Ozone
 
Ozone is created by nature to clean our environment.  In the upper atmosphere, ozone protects the earth from harmful ultraviolet radiation. In the lower atmosphere where we live, ozone is very effective in purifying and sanitizing the air we breathe while removing odors.  In 2001, the FDA approved the use of ozone as an anti-microbial cleansing agent for food treatment, storage and processing.
 
Ozone (O3) consists of three oxygen atoms.  In nature it is created when ultraviolet (UV) light from the sun breaks down the oxygen molecule into two single oxygen atoms which quickly attaches itself to another oxygen molecule (O2) to become ozone.  Ozone is also created electrically in nature during active thunderstorms. The electrical discharge, just like UV light creates ozone which gives that sweet smell we understand as clean fresh air.
 
The life cycle of ozone consists of creation, oxidation and reversion to oxygen.  The half life of ozone is about 30 minutes. As a very unstable gas the third oxygen atom wants to break away soon after formation. It actively seeks out and destroys polluting organic molecules of a chemical or biological nature by oxidizing them. The oxidation process involves releasing the 3rd Oxygen atom on the offending pollutant and it then reverts to Oxygen (O2). The 3rd Oxygen atom that is released will attach, oxidize and eliminate pollutants, including bacteria, viruses, fungi and molds. This process effectively deodorizes, disinfects, and destroys pollutants.
 
Many people have been misinformed that Ozone is smog and that it is toxic, capable of doing great harm to our health.  In fact, the real truth is exactly the opposite – nature uses ozone to clean the environment and without Ozone our air will be so polluted as to be toxic. This misinformation arises from the unfortunate fact that ozone is often used as a ground level air quality indicator as it is easy to detect and measure. Large cities produce huge amounts of nitric oxides and sulfur compounds from the burning of hydrocarbons by vehicles, factories and power plants. As the generation of these dangerous pollutants is much faster than nature can remove them, they remain in the lower atmosphere. At the same time, ultraviolet light from the sun reacts with the unburned hydrocarbons producing ozone as a by-product. As ozone is heavier than air, it tends to get trapped in the concoction of pollutants which it is also trying to eliminate. However, as large cities generate large quantities of vehicular and industrial pollution, nature is overwhelmed and smog is the outcome.  As ozone is more easily detected, it is used as an indicator for the level of pollution but in itself is not a pollutant.
 
 
 
Negative Ions
 
Similar to Ozone, negative ions (O-) are nature’s cleaning agent.  Both Ozone and negative ions are powerful cleaning agents that complement each other.  Negative ions are single oxygen atoms that have gain extra electrons.  In basic terms, negative ion is a charged particle in the air that is formed in nature when enough energy acts upon a molecule that ejects an electron from itself and quickly attach to a nearby molecule which then becomes a negatively charged ion.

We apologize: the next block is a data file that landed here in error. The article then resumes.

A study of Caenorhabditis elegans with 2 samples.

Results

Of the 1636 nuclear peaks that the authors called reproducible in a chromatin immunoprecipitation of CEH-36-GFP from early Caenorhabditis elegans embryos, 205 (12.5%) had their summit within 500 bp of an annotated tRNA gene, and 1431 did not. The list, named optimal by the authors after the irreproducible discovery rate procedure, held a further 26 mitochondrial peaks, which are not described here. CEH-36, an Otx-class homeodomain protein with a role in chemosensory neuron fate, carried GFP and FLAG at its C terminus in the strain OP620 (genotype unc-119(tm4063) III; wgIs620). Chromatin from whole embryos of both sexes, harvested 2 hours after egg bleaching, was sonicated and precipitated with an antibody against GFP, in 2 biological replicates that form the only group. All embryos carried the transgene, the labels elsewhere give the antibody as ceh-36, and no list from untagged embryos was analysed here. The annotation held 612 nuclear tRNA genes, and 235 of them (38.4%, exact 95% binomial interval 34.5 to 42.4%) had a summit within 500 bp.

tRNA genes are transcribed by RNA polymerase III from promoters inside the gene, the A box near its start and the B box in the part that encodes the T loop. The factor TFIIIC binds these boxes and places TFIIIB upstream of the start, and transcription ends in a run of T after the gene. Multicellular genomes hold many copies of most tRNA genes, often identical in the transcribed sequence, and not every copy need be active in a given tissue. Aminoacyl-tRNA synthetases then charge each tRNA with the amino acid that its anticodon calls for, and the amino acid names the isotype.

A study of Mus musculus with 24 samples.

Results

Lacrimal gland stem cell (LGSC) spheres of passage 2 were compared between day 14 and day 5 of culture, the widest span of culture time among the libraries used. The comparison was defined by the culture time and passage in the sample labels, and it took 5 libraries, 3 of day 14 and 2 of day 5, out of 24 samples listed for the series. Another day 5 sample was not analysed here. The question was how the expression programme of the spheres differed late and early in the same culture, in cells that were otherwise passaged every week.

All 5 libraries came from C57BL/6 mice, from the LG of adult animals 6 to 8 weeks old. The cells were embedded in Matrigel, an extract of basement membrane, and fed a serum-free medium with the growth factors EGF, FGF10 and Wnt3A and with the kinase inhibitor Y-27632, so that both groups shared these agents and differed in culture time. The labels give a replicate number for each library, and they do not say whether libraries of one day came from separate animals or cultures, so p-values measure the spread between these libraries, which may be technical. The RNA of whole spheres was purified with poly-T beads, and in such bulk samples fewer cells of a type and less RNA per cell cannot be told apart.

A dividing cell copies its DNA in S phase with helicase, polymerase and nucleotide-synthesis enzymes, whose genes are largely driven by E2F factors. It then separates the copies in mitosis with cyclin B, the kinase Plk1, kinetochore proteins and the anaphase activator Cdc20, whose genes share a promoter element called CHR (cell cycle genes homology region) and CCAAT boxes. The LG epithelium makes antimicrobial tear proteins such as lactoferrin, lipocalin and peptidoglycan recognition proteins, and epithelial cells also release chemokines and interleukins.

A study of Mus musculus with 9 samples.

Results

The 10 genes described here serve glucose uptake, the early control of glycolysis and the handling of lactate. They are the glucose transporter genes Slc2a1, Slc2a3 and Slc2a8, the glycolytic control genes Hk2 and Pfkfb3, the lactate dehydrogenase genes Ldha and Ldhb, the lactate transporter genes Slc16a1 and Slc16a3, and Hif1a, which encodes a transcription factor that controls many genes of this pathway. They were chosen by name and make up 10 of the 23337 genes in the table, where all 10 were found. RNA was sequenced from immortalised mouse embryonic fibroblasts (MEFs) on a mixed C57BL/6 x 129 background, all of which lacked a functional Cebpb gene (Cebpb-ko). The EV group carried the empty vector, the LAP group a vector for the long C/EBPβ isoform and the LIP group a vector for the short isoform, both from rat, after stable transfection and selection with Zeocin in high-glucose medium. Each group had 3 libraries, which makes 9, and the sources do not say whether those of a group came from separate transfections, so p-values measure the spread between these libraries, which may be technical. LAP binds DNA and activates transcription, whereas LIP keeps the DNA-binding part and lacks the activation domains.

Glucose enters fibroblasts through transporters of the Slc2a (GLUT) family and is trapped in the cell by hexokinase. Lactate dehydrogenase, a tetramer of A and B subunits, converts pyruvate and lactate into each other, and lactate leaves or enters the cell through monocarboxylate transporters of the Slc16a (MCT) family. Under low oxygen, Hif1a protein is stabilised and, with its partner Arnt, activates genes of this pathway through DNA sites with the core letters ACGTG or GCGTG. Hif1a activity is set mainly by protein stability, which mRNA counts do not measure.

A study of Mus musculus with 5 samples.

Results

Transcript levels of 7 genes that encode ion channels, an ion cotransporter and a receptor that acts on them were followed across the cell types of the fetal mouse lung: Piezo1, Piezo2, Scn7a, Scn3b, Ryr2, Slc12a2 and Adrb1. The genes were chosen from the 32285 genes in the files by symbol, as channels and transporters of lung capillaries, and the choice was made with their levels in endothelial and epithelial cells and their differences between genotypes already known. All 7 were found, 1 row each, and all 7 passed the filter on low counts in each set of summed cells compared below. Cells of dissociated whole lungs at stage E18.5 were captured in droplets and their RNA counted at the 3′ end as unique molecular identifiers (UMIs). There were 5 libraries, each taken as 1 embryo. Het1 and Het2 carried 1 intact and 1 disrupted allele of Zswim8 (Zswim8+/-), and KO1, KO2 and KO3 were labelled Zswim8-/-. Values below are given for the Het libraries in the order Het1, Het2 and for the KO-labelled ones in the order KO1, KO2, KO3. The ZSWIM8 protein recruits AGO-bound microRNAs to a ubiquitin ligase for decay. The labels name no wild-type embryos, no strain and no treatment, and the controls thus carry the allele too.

Negative ions are created in nature as air molecules break apart due to sunlight, radiation, and moving air and water. Negative ions are odourless, tasteless, and invisible molecules that can be found in abundance in certain environments like on mountains, waterfalls, and beaches. It is a nature’s way in cleaning the air and over 70 years of research, there is no side effects being found. There are over 5,000 related studies claiming the effectiveness of negative ions.
 
In environments where high densities of negative ions exist, negative ions are able to reverse the charge of positive charged floating contaminants to a negative charge. This results in a magnetic attraction among the floating pollutants in the air, causing them to aggregate, or clump together. As a result, they become too heavy to remain floating in the air, and fall harmlessly to the ground. At the same time also negative ions also removes destroys viruses, bacteria and molds by damaging the protein cell membrane causing the bacteria, viruses and mold to rupture and die where they cannot find their way into your respiratory tract. At this point, even if they are inhaled before falling out of the air, these now larger particles are able to be intercepted by the "filters" of the upper respiratory tract, due to their increased size.
 
 
Ozone and Negative Ions – Performing Different Beneficial Roles
 
Both Ozone and negative ions are nature’s way of cleaning the environment and although they have different functions they complement each other very well. Negatively charged ions are effective in removing pollen, dust, mold spores and other harmful particles from the air and are able to improve mood. However, Ozone is much more effective in removing pollutants and odors, and is a powerful oxidant that kills lower organism like bacteria, mold and viruses. Negative ions are effective in cleaning the air while ozone purifies the whole environment, that is, it cleans more than just the air.  The scientific reason is that the half-life of negative ions is only few seconds while Ozone has a half-life of about 30 minutes. Therefore, Ozone is able to sustain in the environment longer which makes it more effective in performing its purification process.
 
Negative ion has not been found harmful even in very high concentrations while ozone can be an irritant but not toxic when it is at very high concentrations.  Ozone is completely safe to use, especially when recommended level as per the OHSA or EPA standards are followed.